Movie Review – Avatar (Blu-Review)
Breaking from our mold of simply doing film reviews, today I thought I’d quickly mention my thoughts on the just released Avatar BluRay from Fox.We don’t normally do reviews on the DVD/BluRay’s themselves when we watch them, simply tell you what we thought of the actual film. But today, considering the hype and anticipation for this films release to the general public on digital disc, we thought we’d let you know what we think.
Fox’s BluRay releases have, to date, been exemplary, and I’m pleased to say that Avatar is not going to drop the ball now. This BluRay is, without doubt, the finest example of a film presentation on the format I’ve seen. To those uninitiated to the fabulous world of BluRay (I suggest you get acquainted, and soon!) this disc comes in a movie-only edition, without an extra feature to be seen. In a clever (read: greedy) move from Fox, they’ve decided to hold back the no doubt plentiful extra features on this film for a later release, no doubt to coincide with the 3D version that will come out next year (fingers crossed, anyway!). What this means is that those fans unwilling to wait until a full-fledged release to see their favorite film will have to double dip into their wallets to get any extra material on Avatar. While this is a concern, the bare-bones edition of the film, on a dual layer BluRay disc (otherwise known as a BD50, meaning it can hold 50Gb of data) has allowed Fox to give us the movie in it’s most pristine state.
With the entire disc held over for the film, the sound and picture quality on display here is of reference quality. If there is one film designed to sell home theatres in stores, it’s Avatar, and Fox have delivered what can only be described as the perfect marriage of sound and image in the digital format ever seen by human eyes. There is no digital artefacting whatsoever, no aliasing or banding or edge enhancement to be seen. The audio, in stunning DTS-HD 5.1, is incredibly detailed and dense, a sonic assault for those of you with HD capable receivers. Alternate soundtracks, including a Dolby 2.0 Surround mix, are included for those without the proper audio decoding hardware, but if that’s all you got, then baby, you need to upgrade.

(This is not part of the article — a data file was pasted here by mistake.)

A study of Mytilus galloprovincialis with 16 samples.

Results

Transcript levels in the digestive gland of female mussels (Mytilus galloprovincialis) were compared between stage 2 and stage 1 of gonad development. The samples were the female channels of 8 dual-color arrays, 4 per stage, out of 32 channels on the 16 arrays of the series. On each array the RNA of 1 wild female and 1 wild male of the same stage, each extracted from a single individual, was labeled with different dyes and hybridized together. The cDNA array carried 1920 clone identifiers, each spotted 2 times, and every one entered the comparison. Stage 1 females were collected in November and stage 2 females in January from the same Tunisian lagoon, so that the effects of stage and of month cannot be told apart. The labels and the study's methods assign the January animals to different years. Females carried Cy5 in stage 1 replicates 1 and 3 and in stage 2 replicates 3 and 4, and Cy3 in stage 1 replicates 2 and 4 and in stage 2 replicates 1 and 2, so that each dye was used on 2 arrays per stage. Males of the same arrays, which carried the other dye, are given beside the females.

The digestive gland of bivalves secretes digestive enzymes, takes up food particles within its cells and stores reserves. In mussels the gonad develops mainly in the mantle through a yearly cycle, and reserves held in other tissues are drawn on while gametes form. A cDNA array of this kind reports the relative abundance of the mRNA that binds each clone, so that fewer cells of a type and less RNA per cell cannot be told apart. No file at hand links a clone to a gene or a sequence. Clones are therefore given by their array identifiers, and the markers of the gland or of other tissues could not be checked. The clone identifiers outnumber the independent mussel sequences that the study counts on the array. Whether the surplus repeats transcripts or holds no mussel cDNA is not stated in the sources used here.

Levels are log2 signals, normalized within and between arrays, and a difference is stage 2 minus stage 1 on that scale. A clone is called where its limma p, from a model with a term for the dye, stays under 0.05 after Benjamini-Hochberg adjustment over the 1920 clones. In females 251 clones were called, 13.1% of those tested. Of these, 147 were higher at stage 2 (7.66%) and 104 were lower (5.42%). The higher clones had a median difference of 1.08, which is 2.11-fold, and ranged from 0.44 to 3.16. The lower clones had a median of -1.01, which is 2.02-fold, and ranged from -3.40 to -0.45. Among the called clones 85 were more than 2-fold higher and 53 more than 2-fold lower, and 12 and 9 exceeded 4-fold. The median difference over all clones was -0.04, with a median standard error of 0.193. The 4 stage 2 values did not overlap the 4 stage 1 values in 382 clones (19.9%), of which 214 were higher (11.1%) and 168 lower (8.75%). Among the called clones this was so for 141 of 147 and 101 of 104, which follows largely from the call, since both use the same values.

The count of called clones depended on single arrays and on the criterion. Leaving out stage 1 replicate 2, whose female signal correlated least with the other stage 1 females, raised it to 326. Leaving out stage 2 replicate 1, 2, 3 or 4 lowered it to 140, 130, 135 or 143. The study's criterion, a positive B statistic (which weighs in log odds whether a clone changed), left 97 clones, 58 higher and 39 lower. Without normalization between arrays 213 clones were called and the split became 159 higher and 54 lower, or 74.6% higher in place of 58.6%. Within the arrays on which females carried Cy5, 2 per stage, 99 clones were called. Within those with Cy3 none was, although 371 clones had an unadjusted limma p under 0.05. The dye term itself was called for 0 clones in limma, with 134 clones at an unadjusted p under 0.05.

The picture quality, which was fairly benign on the quite dirty theatrical print I saw in Queensland all those months ago, is superb here. While the 2D version was released in a 2.35 aspect, the BluRay brings us the full IMAX resolution in a 1.78 aspect, which is the aspect James Cameron himself prefers. Colours, textures, shadows and detail leap off the screen, assault your eyeballs and ask you if you like it. You have no choice but to like it. Avatar is one of the cleanest, sharpest digital pictures I’ve ever seen.
For those of you wondering whether to invest in a BluRay HD system, then perhaps Avatar will be the tipping point for you. Its vibrant colour palette is given the deluxe treatment, and the audio mix will have the very foundations of your house moving across the street. Apparently the DVD release of Avatar is also pretty schmick, but considering the limits of DVD (lossy audio and compressed image quality) I think BluRay is by far the only way you should witness this film.